Autumn is a season of great beauty, but it is also a season of decline: the days grow shorter, the light is suffused, and summer’s abundance decays towards winter’s death. Faced with this inevitable winter, what does nature do in autumn? It scatters the seeds that will bring new growth in the spring—and scatters them with amazing abandon.
In my own experience of autumn, I am rarely aware that seeds are being planted. Instead, my mind is on the fact that the green growth of summer is browning and beginning to die. My delight in the autumn colors is always tinged with melancholy, a sense of impending loss that is only heightened by the beauty all around. I am drawn down by the prospect of death more then I am lifted by the hope of new life.
But as I explore autumn’s paradox of dying and seeding, I feel the power of the metaphor. In the autumnal events of my own experience, I am easily fixated on surface appearances—on the decline of meaning, the decay of relationships, the death of work. And yet if I look more deeply, I may see the myriad possibilities being planted to bear fruit in some season yet to come.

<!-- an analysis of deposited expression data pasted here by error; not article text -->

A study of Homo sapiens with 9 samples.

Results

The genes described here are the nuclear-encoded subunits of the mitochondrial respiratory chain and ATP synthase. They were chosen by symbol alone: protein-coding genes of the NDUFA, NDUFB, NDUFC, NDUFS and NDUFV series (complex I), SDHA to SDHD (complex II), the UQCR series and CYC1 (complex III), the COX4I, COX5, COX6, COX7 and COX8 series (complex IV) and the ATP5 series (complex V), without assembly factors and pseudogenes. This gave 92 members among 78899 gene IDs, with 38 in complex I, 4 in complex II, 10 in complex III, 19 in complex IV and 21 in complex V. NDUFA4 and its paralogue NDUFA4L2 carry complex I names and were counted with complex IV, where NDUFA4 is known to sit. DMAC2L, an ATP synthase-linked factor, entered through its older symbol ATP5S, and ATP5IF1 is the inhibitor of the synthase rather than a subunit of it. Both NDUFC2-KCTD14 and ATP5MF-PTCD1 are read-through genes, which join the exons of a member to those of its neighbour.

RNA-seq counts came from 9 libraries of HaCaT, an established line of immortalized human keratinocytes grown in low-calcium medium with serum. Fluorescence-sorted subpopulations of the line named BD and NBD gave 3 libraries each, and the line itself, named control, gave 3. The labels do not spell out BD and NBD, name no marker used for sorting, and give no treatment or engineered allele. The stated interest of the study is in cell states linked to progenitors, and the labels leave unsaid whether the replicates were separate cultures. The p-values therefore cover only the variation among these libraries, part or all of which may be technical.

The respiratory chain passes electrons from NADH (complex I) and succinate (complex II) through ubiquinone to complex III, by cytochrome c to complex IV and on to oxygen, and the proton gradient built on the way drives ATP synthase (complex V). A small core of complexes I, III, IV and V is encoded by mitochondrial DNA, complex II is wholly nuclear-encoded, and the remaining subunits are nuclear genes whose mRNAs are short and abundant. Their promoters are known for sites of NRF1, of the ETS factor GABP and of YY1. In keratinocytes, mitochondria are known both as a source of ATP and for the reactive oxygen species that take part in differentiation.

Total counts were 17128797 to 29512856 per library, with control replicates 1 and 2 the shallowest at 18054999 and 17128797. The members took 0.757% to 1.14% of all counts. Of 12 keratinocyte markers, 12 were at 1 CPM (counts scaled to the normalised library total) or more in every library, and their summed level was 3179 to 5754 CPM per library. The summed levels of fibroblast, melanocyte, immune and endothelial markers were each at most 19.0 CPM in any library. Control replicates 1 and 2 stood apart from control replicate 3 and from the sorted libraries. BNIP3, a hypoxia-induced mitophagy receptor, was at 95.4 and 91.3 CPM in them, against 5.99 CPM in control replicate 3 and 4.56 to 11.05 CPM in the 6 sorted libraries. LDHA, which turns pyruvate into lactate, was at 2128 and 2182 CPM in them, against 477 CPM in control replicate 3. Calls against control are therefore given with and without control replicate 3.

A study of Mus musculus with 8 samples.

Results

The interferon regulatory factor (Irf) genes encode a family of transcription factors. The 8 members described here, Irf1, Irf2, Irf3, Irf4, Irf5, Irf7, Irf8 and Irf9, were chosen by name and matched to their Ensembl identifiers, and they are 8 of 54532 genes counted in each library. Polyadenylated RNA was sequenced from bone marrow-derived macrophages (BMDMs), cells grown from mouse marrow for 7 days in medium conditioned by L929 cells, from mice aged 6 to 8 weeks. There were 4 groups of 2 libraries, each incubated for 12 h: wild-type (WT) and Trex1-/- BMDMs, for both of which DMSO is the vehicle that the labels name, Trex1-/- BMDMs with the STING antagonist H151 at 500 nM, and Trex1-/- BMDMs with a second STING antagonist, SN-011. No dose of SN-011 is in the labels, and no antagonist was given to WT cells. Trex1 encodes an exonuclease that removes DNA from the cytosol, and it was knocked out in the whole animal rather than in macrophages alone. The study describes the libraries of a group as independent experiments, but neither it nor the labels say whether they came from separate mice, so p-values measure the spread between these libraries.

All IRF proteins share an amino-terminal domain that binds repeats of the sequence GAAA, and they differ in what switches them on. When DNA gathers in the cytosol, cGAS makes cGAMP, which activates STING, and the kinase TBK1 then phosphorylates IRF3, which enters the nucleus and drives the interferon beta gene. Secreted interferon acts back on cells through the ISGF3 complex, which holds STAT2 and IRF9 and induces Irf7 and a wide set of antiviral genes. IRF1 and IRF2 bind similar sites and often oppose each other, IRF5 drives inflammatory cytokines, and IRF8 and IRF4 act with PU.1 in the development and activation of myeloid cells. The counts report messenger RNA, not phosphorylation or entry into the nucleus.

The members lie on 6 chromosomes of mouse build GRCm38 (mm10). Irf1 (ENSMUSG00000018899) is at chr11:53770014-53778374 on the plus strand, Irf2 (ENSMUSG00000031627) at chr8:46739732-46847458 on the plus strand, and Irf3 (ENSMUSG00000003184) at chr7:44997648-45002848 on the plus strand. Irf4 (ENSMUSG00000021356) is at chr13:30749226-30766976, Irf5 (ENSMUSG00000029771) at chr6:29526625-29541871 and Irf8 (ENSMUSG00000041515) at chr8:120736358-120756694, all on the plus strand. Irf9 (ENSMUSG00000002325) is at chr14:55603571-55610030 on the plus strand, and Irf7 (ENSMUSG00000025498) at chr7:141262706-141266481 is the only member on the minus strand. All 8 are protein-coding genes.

In retrospect, I can see in my own life what I could not see at the time—how the job I lost helped me find work I needed to do, how the “road closed” sign turned me toward terrain I needed to travel, how losses that felt irredeemable forced me to discern meanings I needed to know. On the surface, it seemed that life was lessening, but silently and lavishly the seeds of new life were always being sown.
This hopeful notion that living is hidden within dying is surely enhanced by the visual glories of autumn. What artist would ever have painted a season of dying with such a vivid palette if nature had not done it first? Does death posses a beauty that we—who fear death, who find it ugly and obscene—cannot see? How shall we understand autumn’s testimony that death and elegance go hand in hand?
For me, the words that come closest to answering those questions are the words of Thomas Merton: “There is in all visible things a hidden wholeness.” In the visible world of nature, a great truth is concealed in plain sight: diminishment and beauty, darkness and light, death and life are not opposites. They are held together in the paradox of “hidden wholeness.”
Autumn constantly reminds me that my daily dyings are necessary precursors to new life. If I try to “make” a life that defies the diminishments of autumn, the life I end up with will be artificial, at best, and utterly colorless as well. But when I yield to the endless interplay of living and dying, dying and living, the life I am given will be real and colorful, fruitful and whole.
Parker J. Palmer from the chapter “There Is a Season” within his book Let Your Life Speak (copyright 2000, John Wiley and Sons, Inc.)